There are quite a few objects in the universe capable of causing a really, really bad day on planet Earth, including a wayward comet or large asteroid. Most meteors, however, are not very high on an astronomer's scale of scary extraterrestrial events. There are a number of differences between a comet and a meteor, from their general composition to the roles they play in the universe.
A comet is a celestial object believed to be composed primarily of space dust and frozen gases. Experts think they are born somewhere in the outer parts of the universe and are not related to the formation of our solar system at all. A comet follows an orbit that may bring it close to a star, such as the Sun, and as it approaches the star, a portion of its ice core may melt and release a trail of dust-sized particles. This cycle can continue for millions of years.
A meteor, on the other hand, is a bit of rock or other debris, and it does not follow an orbit around the Sun. It even has a different name while it remains floating in outer space — it's called a meteoroid. It's only known as a meteor when it enters the Earth's atmosphere.
When the Earth passes through a comet's trail or debris field, individual meteoroids hit or skip across the first layers of the atmosphere. Observers on Earth may be fortunate enough to see the last few seconds of the existence of this debris as it streaks across the sky and burns up. Unlike a comet, a meteor will not return a number of years later.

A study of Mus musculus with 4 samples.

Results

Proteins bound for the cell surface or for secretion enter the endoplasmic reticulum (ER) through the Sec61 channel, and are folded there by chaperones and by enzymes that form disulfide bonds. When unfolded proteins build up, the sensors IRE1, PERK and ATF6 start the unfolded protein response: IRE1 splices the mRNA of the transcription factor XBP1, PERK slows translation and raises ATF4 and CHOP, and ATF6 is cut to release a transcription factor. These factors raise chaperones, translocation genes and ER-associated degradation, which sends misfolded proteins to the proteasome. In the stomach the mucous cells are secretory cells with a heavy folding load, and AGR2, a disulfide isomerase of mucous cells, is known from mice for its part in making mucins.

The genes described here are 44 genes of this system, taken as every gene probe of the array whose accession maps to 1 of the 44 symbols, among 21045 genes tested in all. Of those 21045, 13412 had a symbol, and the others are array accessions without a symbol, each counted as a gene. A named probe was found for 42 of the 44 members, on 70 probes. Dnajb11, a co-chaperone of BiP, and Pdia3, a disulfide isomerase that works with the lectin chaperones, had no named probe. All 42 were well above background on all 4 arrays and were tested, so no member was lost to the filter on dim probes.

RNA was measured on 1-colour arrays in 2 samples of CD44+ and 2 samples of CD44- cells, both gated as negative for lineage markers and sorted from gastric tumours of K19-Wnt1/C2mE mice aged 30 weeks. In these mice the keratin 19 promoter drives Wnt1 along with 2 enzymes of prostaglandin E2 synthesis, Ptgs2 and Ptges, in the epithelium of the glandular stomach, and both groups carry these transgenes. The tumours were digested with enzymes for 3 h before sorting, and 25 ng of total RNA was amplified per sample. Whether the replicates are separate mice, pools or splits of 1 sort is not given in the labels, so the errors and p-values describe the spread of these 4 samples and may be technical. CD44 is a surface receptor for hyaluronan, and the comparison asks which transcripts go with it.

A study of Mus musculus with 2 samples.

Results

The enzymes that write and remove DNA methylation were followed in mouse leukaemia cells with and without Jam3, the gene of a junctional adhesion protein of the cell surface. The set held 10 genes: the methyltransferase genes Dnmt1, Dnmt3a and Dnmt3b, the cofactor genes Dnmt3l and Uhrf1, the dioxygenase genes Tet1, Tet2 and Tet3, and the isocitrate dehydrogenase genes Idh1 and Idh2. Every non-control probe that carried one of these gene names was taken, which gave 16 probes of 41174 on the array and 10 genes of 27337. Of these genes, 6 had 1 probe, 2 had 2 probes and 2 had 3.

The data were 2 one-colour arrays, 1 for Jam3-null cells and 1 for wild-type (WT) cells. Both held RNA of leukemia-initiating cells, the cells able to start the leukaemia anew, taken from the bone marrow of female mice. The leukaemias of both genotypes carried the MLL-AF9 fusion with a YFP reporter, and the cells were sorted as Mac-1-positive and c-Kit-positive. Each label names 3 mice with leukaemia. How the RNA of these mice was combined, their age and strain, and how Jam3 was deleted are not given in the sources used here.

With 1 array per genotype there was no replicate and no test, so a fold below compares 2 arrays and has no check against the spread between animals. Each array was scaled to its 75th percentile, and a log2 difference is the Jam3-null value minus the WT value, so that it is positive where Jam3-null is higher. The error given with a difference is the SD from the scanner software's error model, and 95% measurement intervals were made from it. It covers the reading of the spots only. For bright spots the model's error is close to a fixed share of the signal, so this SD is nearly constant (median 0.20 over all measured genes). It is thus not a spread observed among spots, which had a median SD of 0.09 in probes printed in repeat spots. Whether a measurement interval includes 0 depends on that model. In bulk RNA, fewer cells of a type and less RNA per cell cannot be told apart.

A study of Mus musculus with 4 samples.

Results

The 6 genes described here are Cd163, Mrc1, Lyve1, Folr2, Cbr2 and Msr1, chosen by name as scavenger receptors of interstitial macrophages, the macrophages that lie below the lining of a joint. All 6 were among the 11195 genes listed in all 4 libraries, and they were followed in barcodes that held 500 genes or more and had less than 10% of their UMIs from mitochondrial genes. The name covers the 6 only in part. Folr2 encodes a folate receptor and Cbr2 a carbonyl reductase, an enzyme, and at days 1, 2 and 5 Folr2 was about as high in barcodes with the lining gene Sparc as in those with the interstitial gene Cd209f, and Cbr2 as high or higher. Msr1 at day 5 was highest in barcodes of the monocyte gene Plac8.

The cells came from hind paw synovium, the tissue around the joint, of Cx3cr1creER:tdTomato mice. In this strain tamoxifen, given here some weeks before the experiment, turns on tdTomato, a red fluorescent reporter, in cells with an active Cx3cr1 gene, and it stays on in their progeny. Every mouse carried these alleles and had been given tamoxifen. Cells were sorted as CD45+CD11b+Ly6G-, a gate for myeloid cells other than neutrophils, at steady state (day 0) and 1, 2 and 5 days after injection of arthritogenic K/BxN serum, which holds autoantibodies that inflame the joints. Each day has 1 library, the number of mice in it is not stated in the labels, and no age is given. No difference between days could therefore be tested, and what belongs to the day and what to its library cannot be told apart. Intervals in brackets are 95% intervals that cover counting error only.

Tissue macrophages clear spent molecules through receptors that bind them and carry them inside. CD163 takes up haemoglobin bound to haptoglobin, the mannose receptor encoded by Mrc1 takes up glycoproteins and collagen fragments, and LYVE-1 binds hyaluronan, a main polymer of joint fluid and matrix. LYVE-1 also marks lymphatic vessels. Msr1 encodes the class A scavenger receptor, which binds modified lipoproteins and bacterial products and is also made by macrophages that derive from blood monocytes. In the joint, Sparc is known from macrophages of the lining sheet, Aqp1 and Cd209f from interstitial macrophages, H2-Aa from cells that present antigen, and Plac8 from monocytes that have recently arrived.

A comet rarely passes within a few million miles of the Earth, while a meteor, by its very definition, must strike the first layers of the Earth's atmosphere. The arrival of a comet can be predicted with some degree of accuracy, and it can rarely be seen with the naked eye. Meteors can enter the Earth's atmosphere at any time of the day or night and during a shower, it is not unusual to see dozens or even hundreds of them within a few hours.
Scientists give comets official names for identification, such as Swift-Tuttle, Hale-Bopp or Halley's Comet. A few large asteroids may receive identifying names as well, but meteors do not. Virtually all of these objects cease to exist once they've entered the Earth's atmosphere, although a rare few make it to the ground. Once it has made contact with the Earth's surface, it becomes known as a meteorite. While a comet may be composed of space dust, organic materials, and ice, most meteors contain elemental metals, such as iron, along with inorganic minerals, such as quartz.